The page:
As GardenSIte's plant specialist I always keenly anticipate the HTA National Plant Show. This is my chance to visit nurseries, find out what's trending in the horticultural world and source new stock, all from under one roof.
The acer family has always been renowned for providing some of the great classical trees found in British Arboretums. Robert Hall discusses his suggestions for the best acers to invest in for your garden.
Go to Westonbirt Arboretum in Gloucestershire this week and make straight for the Acer Glade. The effect is dramatic. Seeing such an impressive collection of autumn colouring acers will indelibly stamp a picture in your memory that will remain forever.
Shades and tints of copper, orange, bronze and scarlet reflect a coal fire glow when lit by the autumn sun. Each and every leaf responds to nature's call and in unison they draw a canopy of complementary colours over their supporting branches.
The acer family has always been renowned for providing some of the great classical shrubs of the horticultural world like the low growing Discectum Atropurpureum or the soft yellow Japonicum Aureum.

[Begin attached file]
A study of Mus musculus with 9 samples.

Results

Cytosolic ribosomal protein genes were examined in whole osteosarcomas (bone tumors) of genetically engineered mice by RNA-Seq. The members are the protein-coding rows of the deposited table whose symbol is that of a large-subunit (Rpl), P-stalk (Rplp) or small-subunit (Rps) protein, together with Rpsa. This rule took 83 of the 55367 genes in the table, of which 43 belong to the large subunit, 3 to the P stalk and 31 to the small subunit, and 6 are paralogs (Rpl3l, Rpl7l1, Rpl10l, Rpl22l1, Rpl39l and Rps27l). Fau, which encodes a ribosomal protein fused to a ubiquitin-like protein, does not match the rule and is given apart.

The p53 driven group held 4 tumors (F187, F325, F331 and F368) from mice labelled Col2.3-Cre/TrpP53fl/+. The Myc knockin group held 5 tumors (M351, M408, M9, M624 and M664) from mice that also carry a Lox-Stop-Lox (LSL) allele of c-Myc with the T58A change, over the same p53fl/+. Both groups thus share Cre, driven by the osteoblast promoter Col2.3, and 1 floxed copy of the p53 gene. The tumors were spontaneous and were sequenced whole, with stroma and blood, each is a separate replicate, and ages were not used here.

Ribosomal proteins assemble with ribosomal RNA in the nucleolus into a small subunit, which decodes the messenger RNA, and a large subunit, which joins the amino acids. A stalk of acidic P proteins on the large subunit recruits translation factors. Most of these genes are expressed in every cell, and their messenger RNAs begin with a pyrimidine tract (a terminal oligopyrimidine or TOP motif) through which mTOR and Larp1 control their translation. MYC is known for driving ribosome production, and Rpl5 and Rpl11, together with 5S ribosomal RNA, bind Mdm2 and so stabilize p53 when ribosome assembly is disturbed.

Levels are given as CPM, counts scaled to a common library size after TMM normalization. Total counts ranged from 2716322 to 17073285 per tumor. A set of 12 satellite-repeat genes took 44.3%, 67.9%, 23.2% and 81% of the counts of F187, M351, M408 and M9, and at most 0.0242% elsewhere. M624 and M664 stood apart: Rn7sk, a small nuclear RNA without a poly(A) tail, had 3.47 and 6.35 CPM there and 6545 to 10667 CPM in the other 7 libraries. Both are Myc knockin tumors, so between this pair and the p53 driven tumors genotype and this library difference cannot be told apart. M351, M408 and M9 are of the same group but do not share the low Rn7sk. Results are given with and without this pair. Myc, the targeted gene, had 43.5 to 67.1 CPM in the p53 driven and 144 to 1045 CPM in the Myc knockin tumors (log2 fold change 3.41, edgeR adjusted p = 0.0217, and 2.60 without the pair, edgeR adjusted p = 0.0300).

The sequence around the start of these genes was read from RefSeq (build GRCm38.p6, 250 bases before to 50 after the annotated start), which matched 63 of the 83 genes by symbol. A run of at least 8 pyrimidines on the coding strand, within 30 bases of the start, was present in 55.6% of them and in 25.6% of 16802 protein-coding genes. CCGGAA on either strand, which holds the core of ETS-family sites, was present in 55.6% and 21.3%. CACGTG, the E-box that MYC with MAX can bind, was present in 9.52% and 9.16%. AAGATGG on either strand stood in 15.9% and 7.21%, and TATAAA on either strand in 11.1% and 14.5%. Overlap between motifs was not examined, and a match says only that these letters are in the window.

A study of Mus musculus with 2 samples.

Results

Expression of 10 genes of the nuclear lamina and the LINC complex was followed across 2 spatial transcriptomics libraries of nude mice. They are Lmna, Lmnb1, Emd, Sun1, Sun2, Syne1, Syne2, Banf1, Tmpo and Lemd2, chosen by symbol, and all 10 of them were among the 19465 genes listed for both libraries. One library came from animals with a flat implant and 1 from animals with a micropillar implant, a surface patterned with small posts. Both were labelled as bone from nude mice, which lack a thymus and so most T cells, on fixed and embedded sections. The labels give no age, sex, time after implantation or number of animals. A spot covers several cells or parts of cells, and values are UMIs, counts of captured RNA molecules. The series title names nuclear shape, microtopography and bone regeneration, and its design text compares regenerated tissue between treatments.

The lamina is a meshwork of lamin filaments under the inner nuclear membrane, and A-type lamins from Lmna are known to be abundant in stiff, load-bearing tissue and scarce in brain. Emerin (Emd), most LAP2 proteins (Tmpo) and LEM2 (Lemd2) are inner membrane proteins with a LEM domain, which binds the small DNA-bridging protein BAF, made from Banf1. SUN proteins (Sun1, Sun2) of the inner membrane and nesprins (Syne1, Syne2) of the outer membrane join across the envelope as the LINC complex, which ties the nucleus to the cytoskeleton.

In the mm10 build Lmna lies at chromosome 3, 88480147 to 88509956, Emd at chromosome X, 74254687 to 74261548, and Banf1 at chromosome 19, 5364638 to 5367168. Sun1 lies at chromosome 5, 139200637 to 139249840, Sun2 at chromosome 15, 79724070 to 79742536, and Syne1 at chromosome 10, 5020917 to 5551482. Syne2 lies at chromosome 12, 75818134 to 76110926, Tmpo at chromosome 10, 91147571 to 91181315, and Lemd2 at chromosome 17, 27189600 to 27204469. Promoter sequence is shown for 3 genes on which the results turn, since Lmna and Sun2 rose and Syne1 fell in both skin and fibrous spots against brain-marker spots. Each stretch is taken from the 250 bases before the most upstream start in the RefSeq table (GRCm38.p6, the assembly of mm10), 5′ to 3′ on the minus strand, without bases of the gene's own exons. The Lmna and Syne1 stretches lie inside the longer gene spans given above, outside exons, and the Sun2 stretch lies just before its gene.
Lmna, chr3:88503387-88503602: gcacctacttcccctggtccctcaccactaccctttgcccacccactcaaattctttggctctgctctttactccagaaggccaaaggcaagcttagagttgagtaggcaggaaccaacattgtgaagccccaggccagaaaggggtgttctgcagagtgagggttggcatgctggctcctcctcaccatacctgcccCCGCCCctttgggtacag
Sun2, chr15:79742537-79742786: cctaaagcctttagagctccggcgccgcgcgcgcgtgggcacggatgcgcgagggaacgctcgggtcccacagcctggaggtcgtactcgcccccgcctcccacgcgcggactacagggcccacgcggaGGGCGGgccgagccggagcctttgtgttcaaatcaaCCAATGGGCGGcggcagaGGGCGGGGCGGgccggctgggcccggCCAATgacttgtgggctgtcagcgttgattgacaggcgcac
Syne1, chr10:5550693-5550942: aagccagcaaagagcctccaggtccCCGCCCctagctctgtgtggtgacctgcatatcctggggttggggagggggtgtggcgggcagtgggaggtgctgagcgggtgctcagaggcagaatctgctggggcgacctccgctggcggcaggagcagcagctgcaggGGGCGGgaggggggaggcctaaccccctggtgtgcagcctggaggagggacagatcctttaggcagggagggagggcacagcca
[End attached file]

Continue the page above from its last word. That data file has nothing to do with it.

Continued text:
Both are excellent acers for the garden particularly with their first flush of spring colour, but cannot hold a light to Heptalobum Osakazuki for flaming autumn colours.
Osakazuki matures from a mid-green in spring through to a deeper olive green by summer before exploding to fiery scarlet before the fall. It is undoubtedly the most brilliant of all late colouring acers. Though fairly slow growing it will eventually form a large bush or small tree with a low, rounded head.
Plant Osakazuki in association with camellias, rhododendrons, azaleas and other woodland shrubs in moist well drained soil. Alternatively grow it in isolation as a specimen feature plant but ensure it receives some protection from the cold east wind. For it is the one element that will eventually blow the Osakazuki fire out.
If you want to purchase an acer for your garden, I suggest you contact your local Independent Garden Centre for stock availability.
Create a Halloween party in your house or garden with ideas and suggestions from David Coton that will keep your children and neighbours thrilled and spooked on the 31st October.
Looking for some advice on how to decorate your garden for halloween? David Coton has some great ideas to help you create a horror themed garden to scare your neighbours and any trick & treaters who come to your door.
Used originally to frighten away evil spirits, now placed near the front door to deter trick or treaters, carved pumpkins have been part of Halloween for a very long time. Here Martyn Loach explains the process of creating the scariest pumpkin in your street.
To grow the biggest, scariest pumpkin in time for Halloween isn't easy as they take some time to mature and prefer a warm climate. To have the best chance of success Martyn Loach recommends sowing seed indoors during April and then planting out in late May or June.